Radio used to be such an exciting medium. In smaller cities and in the suburbs, radio served a special function -- providing very localized news and information for areas often overlooked by the major media located in the big cities.
When I was growing up, there was a station in Hartsdale that served lower and central Westchester County with local news and talk, with music actually selected by the deejay rather than off a computerized playlist generated by a programming consultant in Dallas or wherever. Those were the glory days of local radio.
Since the 1930s, the Westchester station had the call letters based on the initials of the man who founded it - Frank A. Seitz. I think he was an engineer and may have actually built much of the equipment in the early days of the station.
I began listening to WFAS during the summers off from college. I was dating a girl who lived literally in the shadow of the station's awesome transmisson tower, which rose high above the tract of suburban split levels. Coming home from a date, I'd tune into the station because the all-night deejay was a guy named Sonny Mann (real name John Manna, I later learned) who did a jazz show. Jazz was, and still is, my musical passion.
Sonny would play long jazz cuts and when he spoke, it was in a slow, soft voice so unlike the typical fast-talking deejays who shouted at you back in those days. And in the background, as he spoke he had some soft jazz playing -- the piano of Red Garland.
At school, I got involved with the college FM station and for three years did a weekly jazz show. I patterned it after Sonny Mann's show, with a repeating cartridge with some soft piano jazz that I'd play underneath my talk between songs. I loved doing that show and sharing my favorite music with unseen listeners.
So one summer night during Sonny's show, I picked up the phone and called to request a song. We got to talking and I mentioned I did a jazz show on college radio upstate. He invited me to stop in at the station anytime when he was on the air. And so I did a few days later.
I remember driving up to the station, which was in a small building right in front of that awesome tower that looked even more awesome at night, with its blinking red lights. I rang the bell and this older guy, a bit disheveled, came to the door and invited me in. It was Sonny.
We chatted for a while and then he asked me to pick out some tunes I'd like to hear. I found something by Billy Taylor, Quincy Jones, Oliver Nelson and a couple of others. Sonny said he liked my taste.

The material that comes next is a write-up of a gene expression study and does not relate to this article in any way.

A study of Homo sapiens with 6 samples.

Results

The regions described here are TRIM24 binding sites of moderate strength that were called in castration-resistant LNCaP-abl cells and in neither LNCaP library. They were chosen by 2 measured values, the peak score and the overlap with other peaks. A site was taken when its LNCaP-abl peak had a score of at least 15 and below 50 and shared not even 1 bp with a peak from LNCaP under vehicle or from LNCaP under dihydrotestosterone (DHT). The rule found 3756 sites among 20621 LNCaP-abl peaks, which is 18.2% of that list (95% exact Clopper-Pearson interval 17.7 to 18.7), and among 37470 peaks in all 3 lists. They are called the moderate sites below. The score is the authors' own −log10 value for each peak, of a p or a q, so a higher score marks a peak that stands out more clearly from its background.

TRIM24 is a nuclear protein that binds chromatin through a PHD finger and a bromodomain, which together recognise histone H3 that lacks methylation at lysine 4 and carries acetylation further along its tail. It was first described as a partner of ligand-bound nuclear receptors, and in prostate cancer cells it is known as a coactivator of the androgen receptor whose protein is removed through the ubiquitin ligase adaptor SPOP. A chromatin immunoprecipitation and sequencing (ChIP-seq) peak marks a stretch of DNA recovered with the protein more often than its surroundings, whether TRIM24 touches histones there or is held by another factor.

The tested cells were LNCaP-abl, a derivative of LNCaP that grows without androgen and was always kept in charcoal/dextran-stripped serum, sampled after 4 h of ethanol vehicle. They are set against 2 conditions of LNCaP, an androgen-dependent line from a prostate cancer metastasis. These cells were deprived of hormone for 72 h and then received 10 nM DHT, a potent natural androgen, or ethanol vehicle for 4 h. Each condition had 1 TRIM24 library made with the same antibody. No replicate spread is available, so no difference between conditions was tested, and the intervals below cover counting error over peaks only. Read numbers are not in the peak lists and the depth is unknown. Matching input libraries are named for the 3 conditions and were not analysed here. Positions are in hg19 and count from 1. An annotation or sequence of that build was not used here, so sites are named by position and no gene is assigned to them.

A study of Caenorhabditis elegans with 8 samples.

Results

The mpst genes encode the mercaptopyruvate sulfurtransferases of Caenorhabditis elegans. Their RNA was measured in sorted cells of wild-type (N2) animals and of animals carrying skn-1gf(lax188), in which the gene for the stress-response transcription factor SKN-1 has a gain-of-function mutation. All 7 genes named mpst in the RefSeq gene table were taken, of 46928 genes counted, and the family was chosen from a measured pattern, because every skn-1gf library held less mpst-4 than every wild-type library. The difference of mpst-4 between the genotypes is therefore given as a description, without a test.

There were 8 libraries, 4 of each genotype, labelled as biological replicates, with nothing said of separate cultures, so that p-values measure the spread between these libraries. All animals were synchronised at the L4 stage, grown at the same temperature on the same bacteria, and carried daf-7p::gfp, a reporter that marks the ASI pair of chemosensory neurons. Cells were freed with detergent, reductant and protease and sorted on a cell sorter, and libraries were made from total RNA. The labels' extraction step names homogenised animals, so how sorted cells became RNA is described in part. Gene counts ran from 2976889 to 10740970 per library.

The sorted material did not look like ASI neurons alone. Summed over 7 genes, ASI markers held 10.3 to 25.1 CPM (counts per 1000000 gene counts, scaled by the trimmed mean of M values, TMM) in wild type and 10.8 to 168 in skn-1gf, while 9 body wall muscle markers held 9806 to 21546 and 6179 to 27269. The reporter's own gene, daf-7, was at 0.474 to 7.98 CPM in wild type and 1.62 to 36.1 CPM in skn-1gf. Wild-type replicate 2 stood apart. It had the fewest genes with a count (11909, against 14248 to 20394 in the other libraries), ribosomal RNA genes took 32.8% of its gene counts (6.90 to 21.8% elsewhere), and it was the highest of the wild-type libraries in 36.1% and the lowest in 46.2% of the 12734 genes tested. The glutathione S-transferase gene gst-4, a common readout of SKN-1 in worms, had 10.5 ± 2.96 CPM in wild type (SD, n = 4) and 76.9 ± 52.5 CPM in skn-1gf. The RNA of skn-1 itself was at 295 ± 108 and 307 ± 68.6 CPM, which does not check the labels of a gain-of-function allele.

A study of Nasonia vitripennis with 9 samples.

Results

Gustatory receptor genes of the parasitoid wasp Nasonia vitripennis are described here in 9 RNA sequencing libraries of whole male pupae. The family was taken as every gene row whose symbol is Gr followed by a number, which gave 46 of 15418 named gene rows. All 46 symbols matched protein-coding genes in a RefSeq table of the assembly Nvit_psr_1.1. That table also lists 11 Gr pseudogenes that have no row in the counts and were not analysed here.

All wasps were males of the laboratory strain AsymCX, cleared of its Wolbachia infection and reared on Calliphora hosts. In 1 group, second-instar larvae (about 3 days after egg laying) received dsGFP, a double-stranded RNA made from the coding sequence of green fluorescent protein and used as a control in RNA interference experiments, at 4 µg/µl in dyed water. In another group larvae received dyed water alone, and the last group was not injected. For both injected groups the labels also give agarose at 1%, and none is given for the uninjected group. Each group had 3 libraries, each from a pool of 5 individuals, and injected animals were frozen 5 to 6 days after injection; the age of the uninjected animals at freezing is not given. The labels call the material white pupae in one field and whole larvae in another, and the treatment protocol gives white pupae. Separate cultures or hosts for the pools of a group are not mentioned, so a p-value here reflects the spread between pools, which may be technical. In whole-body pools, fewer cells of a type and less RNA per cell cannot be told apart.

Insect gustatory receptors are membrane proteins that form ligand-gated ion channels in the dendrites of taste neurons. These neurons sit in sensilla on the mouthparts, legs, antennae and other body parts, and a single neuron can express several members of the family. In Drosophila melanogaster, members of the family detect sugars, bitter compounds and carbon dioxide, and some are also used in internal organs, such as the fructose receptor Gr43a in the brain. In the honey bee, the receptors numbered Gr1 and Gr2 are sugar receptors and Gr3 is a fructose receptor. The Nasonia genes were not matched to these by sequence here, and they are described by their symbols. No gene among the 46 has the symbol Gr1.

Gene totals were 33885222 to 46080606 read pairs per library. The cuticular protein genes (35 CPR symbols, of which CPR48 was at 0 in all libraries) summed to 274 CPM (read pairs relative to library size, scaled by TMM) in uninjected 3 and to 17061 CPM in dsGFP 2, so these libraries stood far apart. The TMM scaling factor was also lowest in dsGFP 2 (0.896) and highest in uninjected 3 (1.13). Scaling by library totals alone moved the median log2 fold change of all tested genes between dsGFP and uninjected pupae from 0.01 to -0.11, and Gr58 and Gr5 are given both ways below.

During a break between songs, he said he had a guest in the studio, a guy who did a jazz show on a college station. He put me on a mic and and asked me about one of the tunes I had chosen, which he was about to play. Nervous as I was, speaking on a real radio station, I was able to explain what I liked about the song coming up next. And then Sonny played it.
He said he was going out back to have a smoke. He said if he wasn't back by the time the song ended, to just go ahead and play some of the other stuff I had selected. He showed me the program log and said if he wasn't back by 20 past the hour, to read the commercial on this page, and about 5 minutes later to read the weather update which I should rip off the AP ticker in the newsroom. And he reminded me, just in case, to do a station ID on the half hour, which I knew was an FCC requirement.
Sonny went out and I played some music. I read ad and the commecial, and I did the station ID. I played more music, talked a little about it and, because it said so in the program log, I read another ad and a public service announcement. Sonny must have been out there smoking the whole pack.
Finally, he came back and told me I was doing a great job. I asked where he was all this time -- probably close to 45 minutes -- and he told me he had gone for a ride in his car, listening to me while joy-riding. That's when I got nervous -- what if something had happened while I was manning the station alone?
But nothing happened. Sonny came back on after a tune finished, thanked me for sitting in and told people if they were ever up in Potsdam NY to listen to my "Jazz Scene" show on WTSC-FM, 91.1 FM.
I spoke with Sonny from time to time after that, until the station cut his show and started airing a syndicated show -- I think it was "Delilah." A few years later I happened to read Sonny's obit in the local paper.
It all comes back to me now, as I read today that WFAS, now owned by radio giant Cumulus Media, is leaving that studio in Westchester, moving to The Bronx, changing its call letters and switching to an "urban" format. Although the transmitter will be in The Bronx, programming will originate from Cumulus' offices in Tribeca in Manhattan, where the company has studios for the several other stations it owns in NY, as well as the shared news operation.
This is typical of what's been happening in local radio over the past 25 years or so. I shouldn't be surprised. But this time, for me, it's personal.
So long WFAS, with fond memories of Sonny Mann, who ended his show every night at 6 a.m. saying, "Straight ahead."